The recent development of events saw the sports betting and online poker giant Bovada sell their poker side of business to Ignition Casino. Considering the fact that Bovada was doing really well in terms of player numbers and was one of the top US facing sites, the decision created many questions without an exact answer.
Those in the know are wondering if the sale is even real and, more importantly, what a company’s endgame is. Since everyone on the market is primarily in business of making money, it makes little to no sense to give up on such a profitable activity so abruptly. At first glance, at least…
Sportsbetting and Poker: Drawing the Line
From a poker’s player perspective, playing on a site that offers both sportsbetting and poker is a great thing. There is a crossover of players who get bored with betting and then decide to spend a few hours playing poker. These players, for the most part, belong to the “fish” category and represent what could be termed “easy money” for experienced player.
There is a catch, however:
From the site’s perspective, this is not necessarily a good thing. Someone who bets big can be a great customer for the company. On the other hand, that same person, being an inexperienced poker player, is not likely to jump in the biggest games available and even when they do, there is the rake cap.
This means that even if our big bettor decides to join the nosebleeds, the amount of money the site stands to profit from them is very limited. At the same time, playing against good players, the said bettor might drop a substantial amount of his bankroll. This is the money he intended to use for betting, but now it went to the pockets of poker sharks.
Bovada Catches On?
It is not at all hard to imagine that Bovada caught up with this fact and decided to do something about it. It would explain the sudden separation of their poker players’ pool from their sportsbetting and casino segments. Moving online poker to Ignition Casino they are making sure their big bettors will spend the money the way they initially intended to do it: betting on sports.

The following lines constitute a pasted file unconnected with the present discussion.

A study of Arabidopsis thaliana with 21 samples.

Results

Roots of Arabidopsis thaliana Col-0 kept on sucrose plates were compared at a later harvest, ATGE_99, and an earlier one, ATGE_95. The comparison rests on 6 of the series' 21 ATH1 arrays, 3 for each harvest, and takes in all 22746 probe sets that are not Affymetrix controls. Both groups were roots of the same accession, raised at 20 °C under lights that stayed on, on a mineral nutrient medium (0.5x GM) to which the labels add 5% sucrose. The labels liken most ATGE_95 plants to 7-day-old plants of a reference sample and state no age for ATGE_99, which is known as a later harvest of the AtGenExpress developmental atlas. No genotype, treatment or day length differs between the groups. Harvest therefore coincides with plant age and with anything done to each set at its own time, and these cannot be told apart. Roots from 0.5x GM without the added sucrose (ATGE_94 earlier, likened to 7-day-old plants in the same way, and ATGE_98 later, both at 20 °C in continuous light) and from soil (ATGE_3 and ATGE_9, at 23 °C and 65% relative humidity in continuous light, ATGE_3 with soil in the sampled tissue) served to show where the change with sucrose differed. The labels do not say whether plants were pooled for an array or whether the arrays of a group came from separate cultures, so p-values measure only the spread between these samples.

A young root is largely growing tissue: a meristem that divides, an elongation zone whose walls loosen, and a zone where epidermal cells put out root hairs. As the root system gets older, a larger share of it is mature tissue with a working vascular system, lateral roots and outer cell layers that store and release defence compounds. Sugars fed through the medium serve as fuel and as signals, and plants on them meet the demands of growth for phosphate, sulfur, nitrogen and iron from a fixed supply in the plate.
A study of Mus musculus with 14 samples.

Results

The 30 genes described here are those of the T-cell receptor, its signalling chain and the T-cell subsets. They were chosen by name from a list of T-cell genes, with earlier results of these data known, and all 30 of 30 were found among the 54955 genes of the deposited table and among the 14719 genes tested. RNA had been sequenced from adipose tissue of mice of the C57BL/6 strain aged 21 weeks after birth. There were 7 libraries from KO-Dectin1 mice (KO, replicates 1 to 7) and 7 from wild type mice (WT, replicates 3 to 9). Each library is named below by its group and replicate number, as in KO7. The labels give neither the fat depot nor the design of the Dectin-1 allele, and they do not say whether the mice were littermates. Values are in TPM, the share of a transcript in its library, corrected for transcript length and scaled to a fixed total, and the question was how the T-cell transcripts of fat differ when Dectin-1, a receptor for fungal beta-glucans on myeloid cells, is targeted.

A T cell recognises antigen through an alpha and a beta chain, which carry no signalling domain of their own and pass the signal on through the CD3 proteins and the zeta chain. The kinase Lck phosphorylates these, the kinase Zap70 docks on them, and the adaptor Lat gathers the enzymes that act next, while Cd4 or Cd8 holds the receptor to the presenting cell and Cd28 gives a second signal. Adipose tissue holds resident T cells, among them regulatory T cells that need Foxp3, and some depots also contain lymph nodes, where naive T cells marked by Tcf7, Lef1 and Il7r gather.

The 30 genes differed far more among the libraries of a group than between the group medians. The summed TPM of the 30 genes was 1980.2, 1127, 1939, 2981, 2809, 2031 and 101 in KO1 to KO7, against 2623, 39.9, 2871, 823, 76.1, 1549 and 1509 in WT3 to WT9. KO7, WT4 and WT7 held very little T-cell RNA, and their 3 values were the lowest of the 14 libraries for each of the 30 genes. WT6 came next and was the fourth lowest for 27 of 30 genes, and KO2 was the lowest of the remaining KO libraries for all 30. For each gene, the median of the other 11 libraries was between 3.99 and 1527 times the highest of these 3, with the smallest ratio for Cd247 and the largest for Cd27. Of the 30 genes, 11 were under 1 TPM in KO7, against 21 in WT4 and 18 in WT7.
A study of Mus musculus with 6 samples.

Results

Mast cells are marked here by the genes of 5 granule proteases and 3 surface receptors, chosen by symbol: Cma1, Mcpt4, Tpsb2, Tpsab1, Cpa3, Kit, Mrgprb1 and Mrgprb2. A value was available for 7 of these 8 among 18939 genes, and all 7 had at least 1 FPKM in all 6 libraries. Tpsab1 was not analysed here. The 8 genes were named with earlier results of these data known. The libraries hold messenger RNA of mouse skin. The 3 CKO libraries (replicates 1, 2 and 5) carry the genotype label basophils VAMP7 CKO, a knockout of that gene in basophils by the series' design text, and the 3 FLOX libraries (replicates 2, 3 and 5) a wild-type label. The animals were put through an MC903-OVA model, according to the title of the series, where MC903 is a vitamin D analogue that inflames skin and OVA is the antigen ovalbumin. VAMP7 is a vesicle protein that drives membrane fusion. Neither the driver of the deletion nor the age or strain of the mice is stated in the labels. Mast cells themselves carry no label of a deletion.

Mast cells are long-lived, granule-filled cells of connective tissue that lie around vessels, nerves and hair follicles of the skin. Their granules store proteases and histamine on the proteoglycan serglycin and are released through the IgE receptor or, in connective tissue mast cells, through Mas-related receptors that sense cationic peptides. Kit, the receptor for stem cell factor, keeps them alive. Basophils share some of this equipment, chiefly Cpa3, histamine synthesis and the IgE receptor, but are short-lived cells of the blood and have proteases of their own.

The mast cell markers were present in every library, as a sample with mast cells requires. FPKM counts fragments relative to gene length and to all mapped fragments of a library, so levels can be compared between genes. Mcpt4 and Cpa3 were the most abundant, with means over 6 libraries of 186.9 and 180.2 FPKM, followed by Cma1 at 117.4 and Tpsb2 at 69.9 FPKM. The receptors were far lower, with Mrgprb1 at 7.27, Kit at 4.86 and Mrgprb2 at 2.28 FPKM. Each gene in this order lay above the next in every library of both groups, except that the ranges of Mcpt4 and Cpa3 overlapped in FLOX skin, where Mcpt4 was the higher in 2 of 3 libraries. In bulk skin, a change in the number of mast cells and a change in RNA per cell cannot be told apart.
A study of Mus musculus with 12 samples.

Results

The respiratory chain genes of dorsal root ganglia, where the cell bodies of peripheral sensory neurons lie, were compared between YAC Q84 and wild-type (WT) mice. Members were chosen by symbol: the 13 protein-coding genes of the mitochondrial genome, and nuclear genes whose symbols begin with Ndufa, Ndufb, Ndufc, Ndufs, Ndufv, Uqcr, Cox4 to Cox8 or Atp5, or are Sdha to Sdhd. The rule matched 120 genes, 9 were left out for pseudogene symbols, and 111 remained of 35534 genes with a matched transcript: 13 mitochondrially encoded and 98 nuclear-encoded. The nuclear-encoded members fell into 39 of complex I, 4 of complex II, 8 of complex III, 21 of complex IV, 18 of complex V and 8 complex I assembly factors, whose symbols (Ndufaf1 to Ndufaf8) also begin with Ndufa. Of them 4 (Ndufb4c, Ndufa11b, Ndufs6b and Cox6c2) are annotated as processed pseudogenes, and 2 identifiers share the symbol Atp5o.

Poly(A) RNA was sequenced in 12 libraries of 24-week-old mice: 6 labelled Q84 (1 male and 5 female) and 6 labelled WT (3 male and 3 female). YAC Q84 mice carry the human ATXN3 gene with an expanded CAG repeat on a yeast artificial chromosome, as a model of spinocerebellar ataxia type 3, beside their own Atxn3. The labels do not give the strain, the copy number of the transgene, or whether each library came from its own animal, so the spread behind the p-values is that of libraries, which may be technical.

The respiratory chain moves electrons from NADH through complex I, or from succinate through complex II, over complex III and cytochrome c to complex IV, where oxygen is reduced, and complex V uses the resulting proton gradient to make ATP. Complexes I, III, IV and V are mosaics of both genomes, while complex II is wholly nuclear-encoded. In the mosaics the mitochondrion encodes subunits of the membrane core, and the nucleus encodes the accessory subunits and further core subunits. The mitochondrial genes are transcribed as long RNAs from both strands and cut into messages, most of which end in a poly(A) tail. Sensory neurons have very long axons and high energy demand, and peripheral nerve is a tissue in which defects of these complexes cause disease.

If we look at things from this perspective, the theory about Ignition and Bovada essentially being the same companies starts to make sense. It would allow the business to maintain a blooming offer while at the same time it physically separates poker players from sports bettors.
Think about it.
Poker players, especially the good ones, are not likely to just spew their bankrolls betting sports. Of course, it happens on occasion, but generally speaking, if a poker player is intent on spewing their money away, they will probably just join nosebleeds and try their luck there.
Sports bettors, on the other hand, have shown a propensity to join poker games simply for the adrenaline. Many of these players enjoy the rush and love to gamble, so they don’t particularly care about poker strategy or any of that jazz. They just want to have a good time and, if they get lucky, win some money.
Will Separation Work?
The question now is if this move by Bovada will achieve the desired goal. They are banking on most players transferring their accounts over to Ignition Poker and continuing to play like before. However, the fact that sports bettors are being ripped out of the pool may turn some of the regulars away.
Online poker has been growing increasingly tougher over the years and these days it is hard to keep a positive expectation in most games if you don’t put hours into studying the game and analyzing your mistakes. Soft spots at the table are more of an exception than a rule (as opposed to some eight to ten years ago). According to this Ignition Poker site review, the early table metrics show that the player pool continues to trend extremely loose.
The Bovada’s sports betting segment was one of the reasons players flocked to the room. Combined with their anonymous tables, Bovada offered the perfect environment where gamblers could gamble without being tracked by the sharks and sharks, on the other hand, could still find their prey and squeeze out a profit.
The anonymous tables will remain a fixture on Ignition Poker, but without sports betting recreational poker players to fill the seats, one must wonder if the room will lose some of its appeal. This is not to say that US players will stop playing on Bovada, but one big reason to do so will be removed after September 30.
We can only wait and see how this will reflect on the total player numbers, but there are certainly many out there who are not overly excited about their “customers” being suddenly taken away from them.